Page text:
More Tourists Go Camping During May Day Break
Tourists camp at a site in Wuyi county, East China’s Zhejiang province, May 2, 2022. [Photo/Xinhua]
Camping proved to be a popular option over the recent May Day holiday in China, with many of those able to travel choosing to forgo the fast pace of city life for the serene surroundings of nature while abiding by COVID-19 prevention and control measures.
The Ministry of Culture and Tourism said in a news release on Wednesday that short-distance tours remained the most popular choice among travelers over the five-day break from April 30 to Wednesday, due to the tightening of travel restrictions aimed at combating the spread of the novel coronavirus epidemic.
Tour products that featured camping and recreational vehicles were a popular choice among travelers, especially young and trendy people looking for new ways to experience travel.
“I went camping and had a picnic with my friends deep in the mountains during the holiday,” said 31-year-old Ji Nan from Anji, Zhejiang province. “On the first day, we six drove about two hours from the city and put up our tents at around noon.”
She had planned a family trip to Sanya, Hainan province, to spend the holiday but canceled it due to the epidemic.
“It’s safer to take a self-driving tour and spend one or two days with people we are familiar with.”
Ji said that to her family and friends, camping was not a second choice but a good way to get closer to nature. “It was relaxing, rather than just sleeping in a new place,” she added.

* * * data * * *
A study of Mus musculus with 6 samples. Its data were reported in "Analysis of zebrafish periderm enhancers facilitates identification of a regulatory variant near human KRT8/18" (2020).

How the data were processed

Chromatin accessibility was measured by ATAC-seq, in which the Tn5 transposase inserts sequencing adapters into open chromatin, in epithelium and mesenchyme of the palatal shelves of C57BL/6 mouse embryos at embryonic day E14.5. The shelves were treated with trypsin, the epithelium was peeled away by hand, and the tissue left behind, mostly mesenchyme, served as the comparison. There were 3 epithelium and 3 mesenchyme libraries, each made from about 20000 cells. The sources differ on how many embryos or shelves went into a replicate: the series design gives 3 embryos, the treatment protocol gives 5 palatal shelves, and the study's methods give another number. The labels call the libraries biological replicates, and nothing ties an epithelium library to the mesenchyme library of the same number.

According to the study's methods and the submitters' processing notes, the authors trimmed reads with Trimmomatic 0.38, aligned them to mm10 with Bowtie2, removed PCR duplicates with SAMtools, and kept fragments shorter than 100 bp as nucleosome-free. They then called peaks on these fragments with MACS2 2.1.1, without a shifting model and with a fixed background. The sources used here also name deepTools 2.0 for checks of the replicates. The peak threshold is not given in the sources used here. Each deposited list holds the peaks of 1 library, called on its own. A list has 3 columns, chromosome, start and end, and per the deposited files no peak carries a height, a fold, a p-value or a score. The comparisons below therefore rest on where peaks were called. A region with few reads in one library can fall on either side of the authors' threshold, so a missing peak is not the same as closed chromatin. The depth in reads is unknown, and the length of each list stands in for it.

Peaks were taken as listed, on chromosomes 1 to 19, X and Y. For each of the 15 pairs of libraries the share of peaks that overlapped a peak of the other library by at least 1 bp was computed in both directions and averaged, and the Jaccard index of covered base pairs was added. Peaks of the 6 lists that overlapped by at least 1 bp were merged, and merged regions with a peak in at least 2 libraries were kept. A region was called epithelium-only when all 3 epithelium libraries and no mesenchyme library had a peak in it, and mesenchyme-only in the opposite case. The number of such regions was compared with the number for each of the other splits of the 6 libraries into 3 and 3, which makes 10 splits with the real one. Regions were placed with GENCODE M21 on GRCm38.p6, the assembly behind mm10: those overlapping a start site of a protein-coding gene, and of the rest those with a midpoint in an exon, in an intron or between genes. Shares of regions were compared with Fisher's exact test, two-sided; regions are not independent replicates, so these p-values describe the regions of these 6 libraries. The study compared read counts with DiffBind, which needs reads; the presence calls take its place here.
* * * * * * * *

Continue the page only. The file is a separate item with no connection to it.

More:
Figures from travel agencies demonstrated the popularity of camping over the holiday and how, in turn, it has boosted consumption at entertainment venues, hotels and homestays near camp sites.
Trip.com, an online travel agency, said page views for their camping products on the first day of the holiday rose by 90 percent from the previous week. It said that reservations for hotels and homestays in Guangzhou, Guangdong province, the top choice for campers, rose by 130 percent compared with bookings made during the Tomb Sweeping Day holiday in early April.
It added that reservations for hotels and homestays with a hashtag related to camping increased by 153 percent compared with during the Tomb Sweeping Day holiday.
Figures from online travel platform Fliggy show that 90 percent of bookings for camping-related products were made by people born after 1980.
It said camping-related reservations over the holiday rose by 350 percent compared to the same period in April, and travelers from Hangzhou in Zhejiang province, Chengdu in Sichuan province and Guangzhou showed an overwhelming preference for camping.
“We had some gear for camping sell out around a week before the holiday started,” said Ren Tian, from online travel services provider Qunar. “The sales volume was three times higher than during the same period last year.”
According to Qunar, sales of park tickets where camping sites and services are offered to travelers surged 50 percent year-on-year.
China’s camping market is expected to continue growing in the coming years. According to a report released by Guangzhou-based research firm iiMedia Research, the scale of China’s camping market increased from 7.71 billion yuan ($1.16 billion) in 2014 to 29.9 billion yuan in 2021, and it is expected to grow by 18.6 percent in 2022 to 35.46 billion yuan.
In addition to camping-related products, kites, frisbees, barbecues, bonfires, open-air movies, as well as recreational vehicle trips and other outdoor activities have also become increasingly popular.
The camping industry in China has become one of the indispensable forms of outdoor tourism. As the country’s outdoor recreation tourism grows, camping near urban areas will become increasingly popular, as it has fewer requirements and doesn’t need long-distance travel, said Zhang Sining, a researcher with the Liaoning Academy of Social Sciences.